It’s been a couple years of seeing Sundowners’ name pop up on show listings around town. Still, I’ve missed them every time. Well, the band has now popped up on Dirt Cult Records’ roster too, so I figured I was beyond due to see what the Minneapolis band (not to be confused with Lawrence Arms side project Sundowner) is all about. Well, the simplest description that comes to mind is that they’ve found a good fit in Dirt Cult. The band is steeped in DIY and plays punchy, poppy punk that’s still got that raw production and grit that will mostly appeal to those who are already involved in the scene. It’s raw, honest and, perhaps, under-produced (in a good way).
The songwriting on The Larger Half of Wisdom is definitely focused on the catchy. Songs like “Blue Collar Salute,” “Right Down Broadway,” and “Bird World Country” are big on the chorus and the songs bounce and hop instead of pounding with aggression, bringing some harmonies on board with “Right Down Broadway” and, later, “Cassidy’s Imagination.” On a bill, the sound would pair well with most of their labelmates at Dirt Cult, or something like Dan Padilla or ADD Records.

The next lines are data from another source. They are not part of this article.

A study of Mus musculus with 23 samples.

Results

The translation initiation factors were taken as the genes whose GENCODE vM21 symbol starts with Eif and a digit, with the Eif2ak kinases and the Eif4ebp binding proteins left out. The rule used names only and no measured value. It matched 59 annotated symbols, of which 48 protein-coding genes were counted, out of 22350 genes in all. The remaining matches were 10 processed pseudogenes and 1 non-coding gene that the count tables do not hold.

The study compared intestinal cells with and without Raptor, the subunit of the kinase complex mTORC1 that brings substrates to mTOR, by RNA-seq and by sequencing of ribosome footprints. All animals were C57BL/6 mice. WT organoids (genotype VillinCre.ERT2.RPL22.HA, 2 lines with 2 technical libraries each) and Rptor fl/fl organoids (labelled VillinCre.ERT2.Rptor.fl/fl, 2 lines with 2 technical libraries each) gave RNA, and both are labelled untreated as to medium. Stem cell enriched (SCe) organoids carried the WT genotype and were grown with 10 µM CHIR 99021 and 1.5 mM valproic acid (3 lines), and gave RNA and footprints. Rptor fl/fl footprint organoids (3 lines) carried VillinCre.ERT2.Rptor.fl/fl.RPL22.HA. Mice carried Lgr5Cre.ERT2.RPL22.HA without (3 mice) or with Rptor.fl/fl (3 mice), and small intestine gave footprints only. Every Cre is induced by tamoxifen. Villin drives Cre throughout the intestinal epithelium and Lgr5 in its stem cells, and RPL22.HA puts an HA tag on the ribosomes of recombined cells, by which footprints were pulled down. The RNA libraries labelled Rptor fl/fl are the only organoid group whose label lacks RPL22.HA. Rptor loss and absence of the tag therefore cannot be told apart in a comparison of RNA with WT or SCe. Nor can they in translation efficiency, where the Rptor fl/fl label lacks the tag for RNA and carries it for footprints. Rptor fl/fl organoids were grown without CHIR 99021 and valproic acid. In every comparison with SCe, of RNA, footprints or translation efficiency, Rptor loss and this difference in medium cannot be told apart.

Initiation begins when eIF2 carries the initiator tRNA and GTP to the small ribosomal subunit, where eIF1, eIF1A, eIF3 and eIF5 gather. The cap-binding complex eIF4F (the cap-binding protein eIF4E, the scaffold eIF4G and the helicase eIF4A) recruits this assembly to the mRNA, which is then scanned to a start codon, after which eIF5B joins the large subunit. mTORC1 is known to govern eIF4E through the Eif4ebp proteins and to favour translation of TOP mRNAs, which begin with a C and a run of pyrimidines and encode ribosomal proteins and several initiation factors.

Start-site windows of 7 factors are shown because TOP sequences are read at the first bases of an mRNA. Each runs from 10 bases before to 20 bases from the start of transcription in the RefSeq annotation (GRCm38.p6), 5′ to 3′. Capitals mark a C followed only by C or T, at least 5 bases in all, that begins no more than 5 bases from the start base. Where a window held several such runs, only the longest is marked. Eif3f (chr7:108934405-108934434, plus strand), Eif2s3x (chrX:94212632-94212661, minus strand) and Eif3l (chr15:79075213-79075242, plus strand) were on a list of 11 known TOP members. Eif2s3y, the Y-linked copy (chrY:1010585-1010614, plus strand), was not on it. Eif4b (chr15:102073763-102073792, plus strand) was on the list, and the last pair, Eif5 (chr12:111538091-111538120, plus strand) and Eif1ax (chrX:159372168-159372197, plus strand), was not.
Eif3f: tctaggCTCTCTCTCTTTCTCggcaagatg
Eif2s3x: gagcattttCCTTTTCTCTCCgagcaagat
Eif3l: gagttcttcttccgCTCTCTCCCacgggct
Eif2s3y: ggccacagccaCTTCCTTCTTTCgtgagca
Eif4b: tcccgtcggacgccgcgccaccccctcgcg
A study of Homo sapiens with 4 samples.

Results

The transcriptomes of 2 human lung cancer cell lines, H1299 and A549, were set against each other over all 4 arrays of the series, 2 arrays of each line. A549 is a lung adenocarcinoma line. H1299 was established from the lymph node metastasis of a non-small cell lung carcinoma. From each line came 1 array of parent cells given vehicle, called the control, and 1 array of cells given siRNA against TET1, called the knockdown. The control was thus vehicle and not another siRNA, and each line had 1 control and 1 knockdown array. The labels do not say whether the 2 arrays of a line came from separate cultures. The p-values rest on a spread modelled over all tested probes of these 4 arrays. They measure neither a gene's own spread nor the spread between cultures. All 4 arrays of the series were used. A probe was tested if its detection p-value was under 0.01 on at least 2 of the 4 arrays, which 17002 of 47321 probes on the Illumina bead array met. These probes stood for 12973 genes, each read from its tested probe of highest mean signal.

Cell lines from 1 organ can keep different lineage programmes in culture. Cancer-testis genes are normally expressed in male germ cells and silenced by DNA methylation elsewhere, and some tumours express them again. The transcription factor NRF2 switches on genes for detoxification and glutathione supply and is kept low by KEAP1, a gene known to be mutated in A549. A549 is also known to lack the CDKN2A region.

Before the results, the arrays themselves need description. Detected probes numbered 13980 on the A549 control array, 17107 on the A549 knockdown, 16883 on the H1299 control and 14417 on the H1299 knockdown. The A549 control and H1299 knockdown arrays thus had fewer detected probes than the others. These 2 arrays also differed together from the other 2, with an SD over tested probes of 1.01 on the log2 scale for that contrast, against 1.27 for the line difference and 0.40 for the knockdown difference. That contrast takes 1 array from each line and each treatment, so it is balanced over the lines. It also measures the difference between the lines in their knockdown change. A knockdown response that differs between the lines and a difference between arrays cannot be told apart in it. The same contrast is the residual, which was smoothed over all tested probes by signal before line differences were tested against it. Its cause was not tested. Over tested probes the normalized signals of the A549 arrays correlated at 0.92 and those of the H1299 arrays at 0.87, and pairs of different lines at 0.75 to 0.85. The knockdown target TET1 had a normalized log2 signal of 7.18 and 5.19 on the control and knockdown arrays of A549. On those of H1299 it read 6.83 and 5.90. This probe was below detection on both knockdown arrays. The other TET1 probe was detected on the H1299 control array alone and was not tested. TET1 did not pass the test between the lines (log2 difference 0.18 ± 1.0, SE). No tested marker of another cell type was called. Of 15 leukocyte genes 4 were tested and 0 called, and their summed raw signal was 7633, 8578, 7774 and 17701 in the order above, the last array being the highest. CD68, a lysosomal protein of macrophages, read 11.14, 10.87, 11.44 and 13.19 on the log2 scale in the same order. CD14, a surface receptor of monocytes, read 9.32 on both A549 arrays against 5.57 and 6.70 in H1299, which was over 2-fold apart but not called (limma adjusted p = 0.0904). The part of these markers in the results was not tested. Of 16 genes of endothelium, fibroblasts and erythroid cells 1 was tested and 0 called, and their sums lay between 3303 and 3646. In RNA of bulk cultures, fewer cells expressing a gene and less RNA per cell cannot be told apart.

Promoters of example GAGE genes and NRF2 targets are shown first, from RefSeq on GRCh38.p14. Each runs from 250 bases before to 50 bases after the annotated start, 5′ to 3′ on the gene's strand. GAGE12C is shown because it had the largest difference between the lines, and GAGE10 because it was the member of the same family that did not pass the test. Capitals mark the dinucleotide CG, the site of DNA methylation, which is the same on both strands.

Where the band distinguishes themselves most comes via their lyrics. For the better part of the record it successfully blends the personal and the political, avoiding that preachy air but maintaining a firm anarcho stance. The primary vocalist, Justin Hauser, has a deeper voice with a distinct inflection. “Bird World Country” is easily the most political song on the record. Here, the band ops for preach-to-the-choir style lyrics, and it comes across a little more like a sermon than a song. The melody is a good one, but the lyrics stamp themselves over the beat a little too strongly and it detracts from what could be a standout. Songs that achieve a little better balance and highlight the groups strength would be “Blue Collar Salute” and “Dig Deeper,” neither of which—as the song titles indicate—aren’t exactly light subjects either. If politics in your punk are a turnoff, you’ll want to avoid this.
While it’s easy to pinpoint Sundowners as gruff, basement pop-punk, there is a wider pull subtly inserted into their craft. Hints of indie pop shine through in the guitars of “Hold On” and “Heavy Cards” and perhaps some ‘90s alt-rock influence as well. Even with few songs topping 3-minutes, they don’t sound cookie-cutter or too genre-reliant, and it’s simply quality songwriting through and through. The band is an up-and-comer to watch. Now to grab my Dave Strait Fest tickets so I can do just that.